My husband and I have 2 acres out in the country and I'd say probably half of it or more is wooded. There is also a lot of wooded land that is our neighbors adjacent to ours that is not used. Would we have enough room to have a few pigs if we did electric/temporary fencing around parts of our property for the pigs to graze? I guess the pain in this would be having to move their water from place to place. I didn't think this would be enough room and thought maybe we should wait until we have some more land but wanted to see what you all thought. I know we would of course have to supplement with dairy products and perhaps some forage.

We already have chickens and keep them penned most of the time in a large space in our yard, they free range on the weekends.

We have a pen at the back of our shed that is partially covered and probably work well for a shelter for the pigs. We used to house turkeys in there. Thank you for any feedback!
 

 


http://sugarmtnfarm.com/2013/09/25/south-weaning-paddock/

Years ago I experimented with pig 'tractors' - moveable paddocks - but found that was too hard to manage on our rough sloped land. Might work on flat land with just a couple of pigs.

-Walter
 

Thank you, Walter! Your webpage is a great resource. If we decided to try pigs with our current property we would only want to have 2-4 pigs probably since we are so limited on land.

What would be the easiest way to provide water in each paddock area? Just have a permanent water barrel stationed in each area? Same for a feeding trough? We would have so much to learn and research about pigs before we consider committing to anything.
 


We have some cases where we have a series of plastic barrels buried in the ground with a pipe from a spring to the first one and then a pipe from each to the next one. This creates flowing waterers.

In other places we have a moveable trough that has a pipe attached that we can move from field to field. Pipe goes to a spring source.

In other places we have a trough we fill up either with a hose or a hand carried bucket.

Varies with available resources.

-Walter
 


We ran 2 hogs in roughly 1/8 acre plots, and they never returned to the same area. We just kept moving them down the line we wanted cleared. Next year, we will repeat. As far as timing, the sooner you move them and/or more space you give, the less parasite risk; the longer you leave them and/or smaller the space given, the more they work the land. It's a balancing game for what you need. Sometimes, we want to "massage" an area, but leaving looking fresh, while other times, we want them to churn it to bits. There is no rule of time and size here, as it also depends on number and size of hogs, with size constantly changing too. It's just something you will quickly get a feel for.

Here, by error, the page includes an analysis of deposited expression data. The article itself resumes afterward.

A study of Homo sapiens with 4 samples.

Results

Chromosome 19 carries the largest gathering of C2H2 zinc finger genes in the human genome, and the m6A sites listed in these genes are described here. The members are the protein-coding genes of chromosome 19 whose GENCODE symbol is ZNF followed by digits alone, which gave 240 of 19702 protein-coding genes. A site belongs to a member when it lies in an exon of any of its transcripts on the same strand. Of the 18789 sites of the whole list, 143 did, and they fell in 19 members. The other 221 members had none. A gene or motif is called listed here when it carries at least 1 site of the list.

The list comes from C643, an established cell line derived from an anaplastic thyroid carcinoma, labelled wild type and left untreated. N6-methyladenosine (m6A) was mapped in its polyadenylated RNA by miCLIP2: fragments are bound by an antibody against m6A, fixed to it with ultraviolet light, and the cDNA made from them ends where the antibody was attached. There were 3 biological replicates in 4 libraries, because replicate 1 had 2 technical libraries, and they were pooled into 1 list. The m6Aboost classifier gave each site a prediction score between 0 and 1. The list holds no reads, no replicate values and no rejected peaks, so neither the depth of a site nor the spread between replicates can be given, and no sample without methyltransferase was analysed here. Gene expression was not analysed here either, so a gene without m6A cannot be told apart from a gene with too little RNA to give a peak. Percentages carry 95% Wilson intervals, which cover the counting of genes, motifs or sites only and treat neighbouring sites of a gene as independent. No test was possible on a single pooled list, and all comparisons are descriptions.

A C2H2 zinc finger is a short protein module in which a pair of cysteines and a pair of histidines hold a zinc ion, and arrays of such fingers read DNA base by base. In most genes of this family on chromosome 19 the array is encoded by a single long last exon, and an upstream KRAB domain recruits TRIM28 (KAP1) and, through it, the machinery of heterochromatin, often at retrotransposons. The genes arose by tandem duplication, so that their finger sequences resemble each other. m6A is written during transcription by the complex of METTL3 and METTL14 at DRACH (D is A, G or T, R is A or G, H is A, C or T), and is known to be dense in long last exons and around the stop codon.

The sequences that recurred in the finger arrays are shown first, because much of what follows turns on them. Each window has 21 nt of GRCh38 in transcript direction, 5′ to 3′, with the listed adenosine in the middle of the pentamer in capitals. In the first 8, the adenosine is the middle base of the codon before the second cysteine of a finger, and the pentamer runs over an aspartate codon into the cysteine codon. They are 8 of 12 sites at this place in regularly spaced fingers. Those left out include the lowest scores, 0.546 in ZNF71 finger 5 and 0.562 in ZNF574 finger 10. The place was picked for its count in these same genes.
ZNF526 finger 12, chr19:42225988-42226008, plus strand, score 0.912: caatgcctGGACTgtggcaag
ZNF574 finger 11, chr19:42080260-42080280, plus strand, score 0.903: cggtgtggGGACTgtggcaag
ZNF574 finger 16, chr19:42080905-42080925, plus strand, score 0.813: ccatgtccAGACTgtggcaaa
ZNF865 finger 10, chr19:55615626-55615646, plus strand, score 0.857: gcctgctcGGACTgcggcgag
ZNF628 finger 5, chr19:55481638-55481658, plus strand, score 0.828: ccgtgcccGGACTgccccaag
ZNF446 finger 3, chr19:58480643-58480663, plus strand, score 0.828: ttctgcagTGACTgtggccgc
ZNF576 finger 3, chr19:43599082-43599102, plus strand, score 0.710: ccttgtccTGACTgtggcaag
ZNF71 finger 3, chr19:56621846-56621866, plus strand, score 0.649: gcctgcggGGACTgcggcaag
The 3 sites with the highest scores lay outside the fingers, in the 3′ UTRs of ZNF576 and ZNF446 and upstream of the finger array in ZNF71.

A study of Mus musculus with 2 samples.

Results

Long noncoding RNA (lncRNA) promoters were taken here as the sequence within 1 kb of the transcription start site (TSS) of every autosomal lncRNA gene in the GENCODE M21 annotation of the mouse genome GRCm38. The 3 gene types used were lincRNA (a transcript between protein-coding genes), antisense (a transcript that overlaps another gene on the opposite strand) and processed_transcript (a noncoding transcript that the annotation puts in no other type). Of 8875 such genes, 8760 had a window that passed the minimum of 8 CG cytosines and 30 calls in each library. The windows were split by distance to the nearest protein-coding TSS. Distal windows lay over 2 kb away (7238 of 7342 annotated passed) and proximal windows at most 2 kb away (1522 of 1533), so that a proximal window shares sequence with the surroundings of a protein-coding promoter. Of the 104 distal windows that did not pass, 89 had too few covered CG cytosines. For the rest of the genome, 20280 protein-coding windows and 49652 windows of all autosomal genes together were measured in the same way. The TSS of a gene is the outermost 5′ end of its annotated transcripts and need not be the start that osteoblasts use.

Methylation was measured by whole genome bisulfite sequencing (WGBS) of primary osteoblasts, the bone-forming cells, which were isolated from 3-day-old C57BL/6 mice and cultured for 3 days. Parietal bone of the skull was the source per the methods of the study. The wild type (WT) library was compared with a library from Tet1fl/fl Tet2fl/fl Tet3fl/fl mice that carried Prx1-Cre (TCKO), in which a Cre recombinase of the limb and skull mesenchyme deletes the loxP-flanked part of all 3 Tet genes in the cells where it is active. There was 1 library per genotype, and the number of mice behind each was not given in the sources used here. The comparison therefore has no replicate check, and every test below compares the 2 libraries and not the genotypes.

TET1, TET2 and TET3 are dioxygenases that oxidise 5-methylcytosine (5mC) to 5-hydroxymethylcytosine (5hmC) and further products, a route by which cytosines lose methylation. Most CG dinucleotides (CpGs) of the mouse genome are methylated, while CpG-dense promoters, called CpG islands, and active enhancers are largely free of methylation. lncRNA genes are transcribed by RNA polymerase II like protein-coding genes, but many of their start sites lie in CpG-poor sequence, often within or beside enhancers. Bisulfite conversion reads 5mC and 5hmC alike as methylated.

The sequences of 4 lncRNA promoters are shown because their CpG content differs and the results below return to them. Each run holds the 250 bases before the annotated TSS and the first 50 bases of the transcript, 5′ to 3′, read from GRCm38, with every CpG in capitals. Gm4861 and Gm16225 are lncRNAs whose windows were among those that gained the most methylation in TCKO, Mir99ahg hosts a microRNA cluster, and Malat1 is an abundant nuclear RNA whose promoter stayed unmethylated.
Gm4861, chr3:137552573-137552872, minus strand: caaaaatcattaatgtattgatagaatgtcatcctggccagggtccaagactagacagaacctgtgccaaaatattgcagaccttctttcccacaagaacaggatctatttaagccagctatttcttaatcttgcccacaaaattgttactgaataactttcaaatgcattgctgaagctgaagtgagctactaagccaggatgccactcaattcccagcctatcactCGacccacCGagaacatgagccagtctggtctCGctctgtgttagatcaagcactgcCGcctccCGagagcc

I say go for it! We've had fun learning. Walter is a wealth of info, and I read his blog frequently. I also follow Joel Salatin of Polyface Farms for info. Like Joel, our newest pigs provide double benefit by churning up the deep bedding in our barn after our wintered animals move back out to pasture. We don't have a tractor, so we let the pigs loosen and fluff that compost, and then it is sooooo much easier to shovel out! If they enjoy working so much, why not let them?! Saves my back, and creates a great meal in the end! We are actually getting 6 for the 2015 season.

Here's a couple of photos of 2 gilts we had out in the woods, and then a photo of our last barrow in the trailer, just before processing.
 


We do several things. First, we have a 5-gallon bucket with a hog water nipple attached. It works great for 2 hogs, but you do have to train them to it (I usually coat ours in molasses for a few days, and if they are really stubborn, I put milk in it twice a day. They learn really quick with that!) We also keep a small trough on the pen with water in it. Usually, they use the trough more for wallowing and get it muddy, while the bucket stays clean, but it does provide a safety back-up in the heat of summer. Depending on the day, and the pen location, we can haul water in our truck, use a hose, or haul with 5-gallon buckets. We are just now looking for a larger watering option, as our current system won't work for next year, when we have 6 instead of 2.